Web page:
Economic Outlook Improves, But Unemployment and a Possible Jobless Recovery Remain Wild Cards, Bernanke Warns

By Bob Blandeburgo
Associate Editor
Money Morning

The worst post-Depression economic decline seems to have slowed, but unemployment and the prospect of a jobless recovery remain a concern, U.S. Federal Reserve Chairman Ben Bernanke told lawmakers on Capitol Hill yesterday (Tuesday).

"Better conditions in financial markets have been accompanied by some improvement in economic prospects," Bernanke said in a prepared testimony before the House Committee on Financial Services. "Businesses have continued to cut capital spending and liquidate inventories, but the likely slowdown in the pace of inventory liquidation in coming quarters represents another factor that may support a turnaround in activity."

Still, the rising unemployment rate in the United States - which the Fed expects to top off between 9.8% and 10.1% in the second half of this year - as well as the prospect of a jobless recovery will likely keep interest rates at their record low - a range of 0.00% - 0.25% - for some time to come.

When unemployment does start to subside after next year, job growth will continue to be sluggish. The Fed estimates the rate will be between 9.5% and 9.8% in 2010, 8.4% and 8.8% in 2011 and won't return to the historical norm of around 5% until the "longer run" beyond 2011, according to the central bank's 49-page Monetary Policy Report to Congress.

"Job insecurity, together with declines in home values and tight credit, is likely to limit gains in consumer spending," said Bernanke. "The possibility that the recent stabilization in household spending will prove transient is an important downside risk to the outlook."

Rep. Ron Paul, R-Texas, who believes the Fed created the economic crisis, considers the underemployment rate as the true measure of unemployment in the United States.

"Real unemployment is now 20% and there has not been any economic growth since the onset of the crisis in the year 2000," Paul said in his opening statement, citing non-government statistics.

Political Face-Off

Bernanke's appearance before Congress yesterday was the first time he has publicly spoken face-to-face with Paul, who in February drafted a bill that calls for the Fed to be audited. Paul challenged Bernanke's urging of Congress to keep the audit away from monetary policy duties, accusing the Fed's bank loans of being political.

"Just the fact that [the Fed] can issue a lot of loans and special privileges to banks and corporations," said Paul, "That's political."

Bernanke said auditing the Fed "could raise fears about future inflation, leading to higher long-term interest rates and reduced economic and financial stability."

While the Government Accountability Office (GAO) does already audit the Fed, it is not complete. Congress purposely excludes potential GAO reviews from some sensitive areas, particularly monetary policy deliberations and operations, including open market and discount window operations.

While the current administration has drafted a proposal to increase the Fed's powers to supervise the economy, U.S. President Barack Obama's policy of government transparency will be put to the test should Paul's bipartisan bill pass through Congress and find its way on to his desk.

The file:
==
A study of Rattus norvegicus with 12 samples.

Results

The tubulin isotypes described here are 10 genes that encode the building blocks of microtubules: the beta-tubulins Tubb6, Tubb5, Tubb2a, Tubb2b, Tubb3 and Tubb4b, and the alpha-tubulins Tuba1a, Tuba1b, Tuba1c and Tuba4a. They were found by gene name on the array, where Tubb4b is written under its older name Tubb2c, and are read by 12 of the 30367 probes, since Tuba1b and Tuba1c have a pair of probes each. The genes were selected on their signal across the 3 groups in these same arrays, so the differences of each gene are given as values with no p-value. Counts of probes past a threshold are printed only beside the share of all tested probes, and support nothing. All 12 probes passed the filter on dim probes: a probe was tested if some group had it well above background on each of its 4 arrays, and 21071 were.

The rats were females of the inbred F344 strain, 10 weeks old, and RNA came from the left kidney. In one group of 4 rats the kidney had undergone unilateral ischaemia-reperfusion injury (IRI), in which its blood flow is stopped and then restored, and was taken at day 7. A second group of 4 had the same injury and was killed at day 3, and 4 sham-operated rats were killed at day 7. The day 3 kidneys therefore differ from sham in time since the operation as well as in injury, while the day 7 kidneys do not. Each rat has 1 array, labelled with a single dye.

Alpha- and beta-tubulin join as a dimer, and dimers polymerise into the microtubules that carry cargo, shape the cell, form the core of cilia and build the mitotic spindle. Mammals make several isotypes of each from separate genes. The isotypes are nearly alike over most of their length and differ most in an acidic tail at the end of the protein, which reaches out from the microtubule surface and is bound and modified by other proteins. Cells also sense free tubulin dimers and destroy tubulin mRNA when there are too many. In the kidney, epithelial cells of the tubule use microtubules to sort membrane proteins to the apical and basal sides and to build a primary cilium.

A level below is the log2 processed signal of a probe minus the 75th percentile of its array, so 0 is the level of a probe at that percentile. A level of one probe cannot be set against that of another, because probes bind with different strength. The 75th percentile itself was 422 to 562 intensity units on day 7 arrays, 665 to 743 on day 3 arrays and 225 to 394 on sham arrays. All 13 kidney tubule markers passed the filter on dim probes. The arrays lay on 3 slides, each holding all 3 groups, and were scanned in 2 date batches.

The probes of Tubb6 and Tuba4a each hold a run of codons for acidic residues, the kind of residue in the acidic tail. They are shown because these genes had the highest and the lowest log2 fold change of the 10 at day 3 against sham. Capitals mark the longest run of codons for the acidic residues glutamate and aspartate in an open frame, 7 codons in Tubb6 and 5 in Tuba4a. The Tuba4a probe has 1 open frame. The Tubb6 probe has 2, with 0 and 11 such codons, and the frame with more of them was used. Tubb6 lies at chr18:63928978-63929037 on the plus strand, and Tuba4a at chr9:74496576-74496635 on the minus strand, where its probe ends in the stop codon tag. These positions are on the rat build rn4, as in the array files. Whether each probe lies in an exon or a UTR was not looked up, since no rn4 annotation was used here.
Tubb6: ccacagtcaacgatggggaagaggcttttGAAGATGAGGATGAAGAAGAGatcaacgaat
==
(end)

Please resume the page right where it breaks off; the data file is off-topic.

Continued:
"The Necessary Tools" to Avoid Inflation

Bernanke does not expect the economic recovery to begin until late this year or early 2010, but when it does, concerns about inflation - which has remained subdued in the first half despite the stimulus efforts - abound.

The Fed's "highly accommodative stance of monetary policy" will be warranted for an extended period, Bernanke said.

When the time does come to pull back the unprecedented stimulus, the Fed will be ready with its "exit strategy," Bernanke said. "The [Fed] has been devoting considerable attention to issues relating to its exit strategy, and we are confident that we have the necessary tools to implement that strategy when appropriate."

Rep. Barney Frank, D-Mass., chairman of the House Committee on Financial Services, voiced support in Bernanke's ability to curb any post-recession inflation.

"When you are talking about inflation it is not just about reality but about perception," Mr. Frank said in a report that appeared in The New York Times, adding that Bernanke has "consistently shown that he is aware" of the danger of inflation.

On a Second Stimulus

Earlier this month, Laura Tyson, former chair of the U.S. President's Council of Economic Advisers during the Clinton Administration and current advisor to President Obama said that the $787 billion stimulus passed in February was "a bit too small."

"The economy is worse than we forecast on which the stimulus program was based," Tyson said during a speech at the Nomura Asia Equity Forum in Singapore. "We probably have already 2.5 million more job losses than anticipated."

While the Obama administration may have underestimated the financial crisis, Bernanke said yesterday any talk of a second stimulus is premature and less than a quarter of the first one has been spent.

President Obama earlier defended the stimulus' slow start earlier this month in an interview with Fox News.

"You just can't push [funding] out that quickly, partly, not just because the federal government has to process applications but also because states and local governments have to gear up to get these projects going," President Obama said. "There are a whole bunch of critics out there who said we shouldn't have any stimulus at all. And in fact, some of the same folks who are now saying, 'Where are the jobs?' don't really have a recipe other than doing nothing for the economic circumstances that we're in."